Wednesday, February 15, 2012

Whitney Houston

Yesterday, on his audioblog, Charles, a local DJ on 94.1 WHJY, expressed concern over the mass hysteria surrounding the death of Whitney Houston. While I at first vehemently disagreed with his statements and his opinions, during the course of his argument he became extremely convincing.

His thesis: People never cared about Whitney Houston until she died.

Seems harsh, right? Well, his reasoning is somewhat sound. Whitney Houston was one of the golden divas of the late 1980s and early 1990s; people bought her records en masse and celebrated her amazing performances and strong resonant voice, insinuating she would rise to the acclaim of all the great divas before her--Diana Ross, Aretha Franklin--and would achieve long-lived fandom when most others fizzled out rather quickly. Her career seemed pristine and enviable, until her life began spiraling out of control because of her marriage to Bobby Brown and the controversy that surrounded the two of them and their cavalier drug use and abuse. Then came the realizations that there was physical abuse in their relationship; there were questions as to whether their daughter would be taken away, and whether her career could be resurrected.

She was vilified in the media, pilloried for scorn and negative example.

She then seemed to fade away into static and oblivion.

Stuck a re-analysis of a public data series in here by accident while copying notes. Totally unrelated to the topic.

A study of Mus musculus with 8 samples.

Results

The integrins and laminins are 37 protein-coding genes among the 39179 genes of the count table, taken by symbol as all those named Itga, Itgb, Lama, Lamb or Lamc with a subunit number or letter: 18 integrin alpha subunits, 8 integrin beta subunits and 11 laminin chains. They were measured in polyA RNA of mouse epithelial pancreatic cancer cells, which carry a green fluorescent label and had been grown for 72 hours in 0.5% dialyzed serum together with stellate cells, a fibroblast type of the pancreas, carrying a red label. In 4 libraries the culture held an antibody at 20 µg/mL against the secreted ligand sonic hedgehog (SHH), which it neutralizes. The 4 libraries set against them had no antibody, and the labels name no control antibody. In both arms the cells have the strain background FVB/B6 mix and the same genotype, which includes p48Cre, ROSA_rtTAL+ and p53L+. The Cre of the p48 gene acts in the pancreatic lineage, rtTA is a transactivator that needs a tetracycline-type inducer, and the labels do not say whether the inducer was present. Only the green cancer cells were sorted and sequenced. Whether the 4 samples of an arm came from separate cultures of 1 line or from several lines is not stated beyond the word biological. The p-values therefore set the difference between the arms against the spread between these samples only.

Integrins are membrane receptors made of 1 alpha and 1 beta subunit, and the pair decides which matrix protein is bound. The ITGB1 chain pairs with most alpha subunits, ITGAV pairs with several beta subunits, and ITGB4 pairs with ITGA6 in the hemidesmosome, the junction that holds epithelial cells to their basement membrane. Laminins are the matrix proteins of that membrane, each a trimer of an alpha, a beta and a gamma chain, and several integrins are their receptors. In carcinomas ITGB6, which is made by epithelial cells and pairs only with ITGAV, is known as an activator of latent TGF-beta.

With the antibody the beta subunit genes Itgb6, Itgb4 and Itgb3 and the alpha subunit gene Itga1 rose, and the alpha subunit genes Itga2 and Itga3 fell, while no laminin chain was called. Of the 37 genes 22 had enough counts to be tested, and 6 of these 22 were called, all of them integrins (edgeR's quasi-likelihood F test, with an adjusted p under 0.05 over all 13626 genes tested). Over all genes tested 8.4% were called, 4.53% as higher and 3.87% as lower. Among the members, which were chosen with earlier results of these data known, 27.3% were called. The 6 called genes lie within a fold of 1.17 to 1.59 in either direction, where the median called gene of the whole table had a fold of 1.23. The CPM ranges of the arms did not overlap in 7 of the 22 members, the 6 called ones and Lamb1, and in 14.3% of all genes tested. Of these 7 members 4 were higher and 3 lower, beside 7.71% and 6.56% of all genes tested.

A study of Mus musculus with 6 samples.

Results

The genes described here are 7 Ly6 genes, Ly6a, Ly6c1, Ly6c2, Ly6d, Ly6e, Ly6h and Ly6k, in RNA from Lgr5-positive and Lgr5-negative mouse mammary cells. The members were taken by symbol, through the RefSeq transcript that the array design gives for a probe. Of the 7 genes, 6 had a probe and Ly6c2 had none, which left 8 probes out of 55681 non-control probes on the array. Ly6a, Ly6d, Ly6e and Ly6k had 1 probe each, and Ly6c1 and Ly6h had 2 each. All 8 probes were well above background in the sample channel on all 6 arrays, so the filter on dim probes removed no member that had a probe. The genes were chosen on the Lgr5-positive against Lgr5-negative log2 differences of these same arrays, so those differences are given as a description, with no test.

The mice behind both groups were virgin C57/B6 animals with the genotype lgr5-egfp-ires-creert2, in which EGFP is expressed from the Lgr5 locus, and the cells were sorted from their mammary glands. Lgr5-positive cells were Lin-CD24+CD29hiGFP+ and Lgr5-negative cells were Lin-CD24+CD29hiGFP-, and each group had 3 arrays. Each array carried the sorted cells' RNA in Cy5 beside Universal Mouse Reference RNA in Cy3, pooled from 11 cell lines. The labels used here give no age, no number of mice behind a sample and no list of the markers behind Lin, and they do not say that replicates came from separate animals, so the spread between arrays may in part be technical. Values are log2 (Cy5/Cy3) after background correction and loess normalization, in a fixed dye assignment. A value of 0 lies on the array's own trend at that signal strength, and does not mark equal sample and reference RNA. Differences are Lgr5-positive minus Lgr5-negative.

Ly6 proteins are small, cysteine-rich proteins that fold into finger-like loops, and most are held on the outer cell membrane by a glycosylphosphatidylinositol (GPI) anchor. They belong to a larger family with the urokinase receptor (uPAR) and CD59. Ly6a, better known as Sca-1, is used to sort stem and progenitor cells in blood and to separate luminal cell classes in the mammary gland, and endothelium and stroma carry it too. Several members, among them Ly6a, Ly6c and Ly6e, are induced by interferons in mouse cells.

Then came a reality show which she begrudgingly agreed to be on, which was followed by even more scrutiny and negativity. Her life spiraled further into tabloid fodder, her marriage fell apart and her appearances on television or other programming were heralded with anything but positivity.

Insert a few years of obscurity and mediocrity and you arrive at the present, wherein she is being celebrated as one of the greatest voices of her generation, as a true diva, and as the definition of beauty, talent and role model.

As Charles pointed out, something doesn't add up here; people are more concerned about her postmortem than they were even 10 years ago. Her divorce wouldn't have made front page news, a comeback tour would have been shuddered quickly, and anything other than the aforementioned would have been ignored almost entirely.

Are we, as a culture, so quick to grasp onto only the good in a person, or are we too quick to judge and condemn someone for even the smallest of failings. Are we too critical, analytical and quick to judge? Or are we genuinely concerned and saddened by her passing.

As Charles put it, "I can't be saddened by the death of someone I never met and know little about." While I agree, I don't entirely. I do feel some empathy, especially for her family and friends, and perhaps for the music community, knowing they lost someone so impacting.

I think the true test will lie in whether she is as greatly remembered in two months or even a year from now as she is today.